Fighting Alzheimer’s- Becoming Aware of a Debilitating Condition Many of us Will Face


Even though many of us have personal reasons for being dedicated to this cause, it is also an important professional issue for people in my line of work. The fact is that Alzheimer’s and other dementias take a huge financial toll on families and on the national economy. It’s also true that helping families deal responsibly with the impact of these devastating afflictions is an important objective of many trusts.

In November 2017, our company sponsored a team in the Wilmington area Alzheimer’s Association Walk to End Alzheimer’s. The goal was to raise awareness of this dreaded disease and to raise funds by walking the 2.6-mile loop at Wrightsville Beach.  Our team raised $1,250, contributing to the overall total of $101,000 raised by 683 participants on 92 teams.

These funds, along with more than $75 million raised in more than 600 other communities nationwide, go to help Alzheimer’s patients, fund medical research, and to lobby for greater public commitment to fighting dementia.

The Walk has another purpose beyond money. It’s to help raise awareness.

Here are some important facts that we hope everybody takes to heart.

  • Alzheimer’s Disease is the only one of the top ten causes of death in the United States that can’t be prevented or cured. In fact, the disease’s progression can’t even be slowed.
  • It’s so prevalent that fully a third of all seniors have Alzheimer’s or another dementia at the time of death.
  • Alzheimer’s is the number six cause of death in America.
  • More than 5 million Americans have Alzheimer’s right now.
  • Those patients require care, usually around the clock, meaning almost 16 million other people are serving as caregivers to people with dementia.

Then there are the financial facts.

  • While some of those 16 million caregivers are paid, many others are not. They give an estimated 18.2 billion hours of unpaid care, valued at $230 billion. Many family members have to give up their careers to care for loved ones with dementia. Here’s a thought to consider: how much productivity would be returned to the U.S. economy if those hours could be devoted to other work?
  • Alzheimer’s disease’s total impact on the United States economy was $259 billion in 2017, expected to balloon to more than $1 trillion by 2050.

So, while we’re talking about money, it’s worth thinking about what the Alzheimer’s Association does with the funds it raises.

As with every charity, a portion of its income must be used for administration and fund-raising. But a full 79 percent of the funds the Association raises go toward Alzheimer’s care, support, research, awareness, and advocacy.

That includes offering care and support to patients and their families, through such tools as the online message boards called ALZConnected; local in-person support groups for caregivers and patients; and a free nationwide helpline.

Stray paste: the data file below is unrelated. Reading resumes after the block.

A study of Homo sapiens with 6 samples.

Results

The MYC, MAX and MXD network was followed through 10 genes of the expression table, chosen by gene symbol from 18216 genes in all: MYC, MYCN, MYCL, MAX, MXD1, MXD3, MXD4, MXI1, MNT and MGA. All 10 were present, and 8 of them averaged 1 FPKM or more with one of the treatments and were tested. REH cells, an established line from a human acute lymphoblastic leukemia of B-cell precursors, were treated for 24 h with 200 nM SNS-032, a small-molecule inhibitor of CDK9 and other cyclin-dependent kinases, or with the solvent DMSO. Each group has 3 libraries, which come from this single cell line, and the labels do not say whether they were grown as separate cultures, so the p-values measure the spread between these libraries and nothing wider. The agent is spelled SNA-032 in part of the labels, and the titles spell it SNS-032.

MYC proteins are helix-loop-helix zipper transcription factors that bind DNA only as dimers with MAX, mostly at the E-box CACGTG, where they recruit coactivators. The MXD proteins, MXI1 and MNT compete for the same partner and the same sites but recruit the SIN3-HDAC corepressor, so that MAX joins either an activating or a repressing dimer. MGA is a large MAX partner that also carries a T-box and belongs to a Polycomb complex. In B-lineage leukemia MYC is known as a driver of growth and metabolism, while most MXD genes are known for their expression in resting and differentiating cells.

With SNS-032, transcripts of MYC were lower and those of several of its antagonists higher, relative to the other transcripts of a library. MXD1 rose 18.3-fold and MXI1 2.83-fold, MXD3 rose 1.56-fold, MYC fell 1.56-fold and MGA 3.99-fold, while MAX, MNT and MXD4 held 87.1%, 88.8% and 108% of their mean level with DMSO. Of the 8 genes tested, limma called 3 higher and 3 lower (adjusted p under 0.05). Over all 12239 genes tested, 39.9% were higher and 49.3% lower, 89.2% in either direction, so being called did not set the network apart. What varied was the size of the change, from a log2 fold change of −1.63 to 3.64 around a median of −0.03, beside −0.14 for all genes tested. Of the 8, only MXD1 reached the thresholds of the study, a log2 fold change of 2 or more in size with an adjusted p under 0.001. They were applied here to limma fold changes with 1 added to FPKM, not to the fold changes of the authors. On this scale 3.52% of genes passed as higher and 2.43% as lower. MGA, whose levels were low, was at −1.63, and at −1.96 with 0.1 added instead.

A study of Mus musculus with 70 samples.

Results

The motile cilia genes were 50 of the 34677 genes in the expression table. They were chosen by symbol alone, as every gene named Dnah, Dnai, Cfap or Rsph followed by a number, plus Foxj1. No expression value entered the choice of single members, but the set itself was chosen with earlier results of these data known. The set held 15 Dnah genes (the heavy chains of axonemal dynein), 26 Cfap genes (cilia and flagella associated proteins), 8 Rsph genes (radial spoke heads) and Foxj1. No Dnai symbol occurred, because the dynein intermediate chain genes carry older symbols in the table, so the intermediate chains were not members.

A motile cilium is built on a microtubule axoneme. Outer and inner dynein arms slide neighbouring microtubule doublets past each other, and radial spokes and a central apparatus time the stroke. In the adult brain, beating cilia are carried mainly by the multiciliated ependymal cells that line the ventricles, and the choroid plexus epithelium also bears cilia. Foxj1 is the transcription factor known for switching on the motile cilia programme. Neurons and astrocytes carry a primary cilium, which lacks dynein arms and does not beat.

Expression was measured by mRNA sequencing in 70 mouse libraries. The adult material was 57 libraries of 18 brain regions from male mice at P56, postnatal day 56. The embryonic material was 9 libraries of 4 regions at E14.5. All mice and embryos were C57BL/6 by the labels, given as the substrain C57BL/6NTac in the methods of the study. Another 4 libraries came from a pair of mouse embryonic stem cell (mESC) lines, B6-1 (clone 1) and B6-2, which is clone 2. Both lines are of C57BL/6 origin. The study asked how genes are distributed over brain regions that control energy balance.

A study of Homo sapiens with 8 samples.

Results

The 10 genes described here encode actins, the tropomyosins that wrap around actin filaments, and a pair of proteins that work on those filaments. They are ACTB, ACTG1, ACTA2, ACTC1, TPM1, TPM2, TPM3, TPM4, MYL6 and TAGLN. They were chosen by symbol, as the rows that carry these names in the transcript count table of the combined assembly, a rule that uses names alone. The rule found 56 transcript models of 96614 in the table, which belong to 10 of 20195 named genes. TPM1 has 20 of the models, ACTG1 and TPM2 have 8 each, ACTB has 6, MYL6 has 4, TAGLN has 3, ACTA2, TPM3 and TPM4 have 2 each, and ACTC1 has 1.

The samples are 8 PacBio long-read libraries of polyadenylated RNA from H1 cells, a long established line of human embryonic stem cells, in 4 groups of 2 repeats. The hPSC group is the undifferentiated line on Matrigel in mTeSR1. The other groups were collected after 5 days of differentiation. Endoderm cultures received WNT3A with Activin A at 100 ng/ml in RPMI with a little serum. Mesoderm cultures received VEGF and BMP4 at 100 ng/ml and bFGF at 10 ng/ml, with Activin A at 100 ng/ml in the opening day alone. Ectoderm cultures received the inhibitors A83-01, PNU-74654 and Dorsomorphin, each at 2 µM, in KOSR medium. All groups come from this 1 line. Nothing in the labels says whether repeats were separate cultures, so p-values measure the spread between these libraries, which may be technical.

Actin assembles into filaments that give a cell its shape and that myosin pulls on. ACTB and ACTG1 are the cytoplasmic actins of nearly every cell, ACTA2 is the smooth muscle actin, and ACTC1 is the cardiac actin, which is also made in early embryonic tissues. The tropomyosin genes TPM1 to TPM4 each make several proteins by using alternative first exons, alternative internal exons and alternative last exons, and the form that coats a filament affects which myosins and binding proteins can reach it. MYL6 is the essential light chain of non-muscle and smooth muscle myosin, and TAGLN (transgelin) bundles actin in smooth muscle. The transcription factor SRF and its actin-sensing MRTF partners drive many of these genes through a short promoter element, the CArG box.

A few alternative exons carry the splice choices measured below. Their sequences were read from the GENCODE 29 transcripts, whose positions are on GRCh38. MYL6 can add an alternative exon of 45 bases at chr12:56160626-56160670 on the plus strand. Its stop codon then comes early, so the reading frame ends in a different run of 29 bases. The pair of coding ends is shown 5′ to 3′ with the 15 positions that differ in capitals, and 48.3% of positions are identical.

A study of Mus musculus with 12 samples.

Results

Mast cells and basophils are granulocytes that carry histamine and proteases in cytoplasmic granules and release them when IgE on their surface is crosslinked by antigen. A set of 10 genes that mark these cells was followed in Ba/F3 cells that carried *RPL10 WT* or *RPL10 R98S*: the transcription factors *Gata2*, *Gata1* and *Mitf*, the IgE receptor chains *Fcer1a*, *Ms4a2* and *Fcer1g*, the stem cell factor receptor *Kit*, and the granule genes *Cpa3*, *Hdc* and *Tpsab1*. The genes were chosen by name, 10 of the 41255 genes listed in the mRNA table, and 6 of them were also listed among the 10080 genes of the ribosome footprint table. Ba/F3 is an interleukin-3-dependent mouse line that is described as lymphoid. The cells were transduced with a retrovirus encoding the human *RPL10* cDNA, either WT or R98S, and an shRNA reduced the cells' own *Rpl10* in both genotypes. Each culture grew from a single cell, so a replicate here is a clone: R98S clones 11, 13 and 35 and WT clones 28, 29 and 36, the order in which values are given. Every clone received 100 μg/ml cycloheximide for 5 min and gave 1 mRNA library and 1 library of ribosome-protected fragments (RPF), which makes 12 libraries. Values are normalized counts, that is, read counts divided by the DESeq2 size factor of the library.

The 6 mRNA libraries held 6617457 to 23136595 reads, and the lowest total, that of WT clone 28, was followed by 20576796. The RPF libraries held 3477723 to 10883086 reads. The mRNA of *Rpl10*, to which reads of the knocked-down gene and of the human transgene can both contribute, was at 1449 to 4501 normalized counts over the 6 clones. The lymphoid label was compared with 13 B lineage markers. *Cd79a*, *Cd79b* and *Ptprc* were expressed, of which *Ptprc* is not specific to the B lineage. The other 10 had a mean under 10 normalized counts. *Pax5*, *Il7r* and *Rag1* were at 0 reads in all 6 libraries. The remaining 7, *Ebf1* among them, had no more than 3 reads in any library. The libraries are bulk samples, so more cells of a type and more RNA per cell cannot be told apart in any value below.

On the medical science front, the Association has provided more than $405 million to over 2,600 research projects. One result of this work has been the development of new diagnostic guidelines for Alzheimer’s.

Finally, in its advocacy role, the Association is a voice for the needs and rights of people affected by Alzheimer’s. Its lobbying helped pass important legislation, including the National Alzheimer’s Project Act. This made the fight against Alzheimer’s a national priority. Just as important has been an ongoing push to make sure federal policy reflects the urgency of fighting this growing epidemic, and that government funding follows.

If you are interested in helping, you can learn more, including details about how to give, at alz.org, or from the Association’s helpline at 800.272.3900. A related effort, also raising money for scientific insight into the disease, is the Coins for Alzheimer’s Research Trust, or CART, a national project supported by most local Rotary clubs.

While we’re on this subject, we’d like to say a few words about the importance of thinking ahead about the very likely prospect that you or a loved one may become one of the millions affected by Alzheimer’s or other forms of dementia. While not pleasant to think about, the chances are just too great to ignore that many people will become incapacitated mentally as they age.

To help ensure that adequate and appropriate care and living conditions are provided and that financial assets are protected, a carefully designed trust is invaluable. We have all heard horror stories about people being taken advantage of when their mental faculties have become impaired. A trust arrangement can ensure that objective professionals, who have no claim on the owner’s assets, can oversee the interests and the physical and financial well-being of a person who develops dementia.

A well-designed trust can also take a huge load off family members and other caregivers by ensuring they don’t have to worry about the patient’s finances.

 

 

Old North State Trust, LLC (ONST) periodically produces publications as a service to clients and friends.  The information contained in these publications is intended to provide general information about issues related to trust, investment and estate related topics.  Readers should be aware that the facts may vary depending upon individual circumstances.  The information contained in these publications is intended solely for informational purposes, is proprietary to ONST and is not guaranteed to be accurate, complete or timely.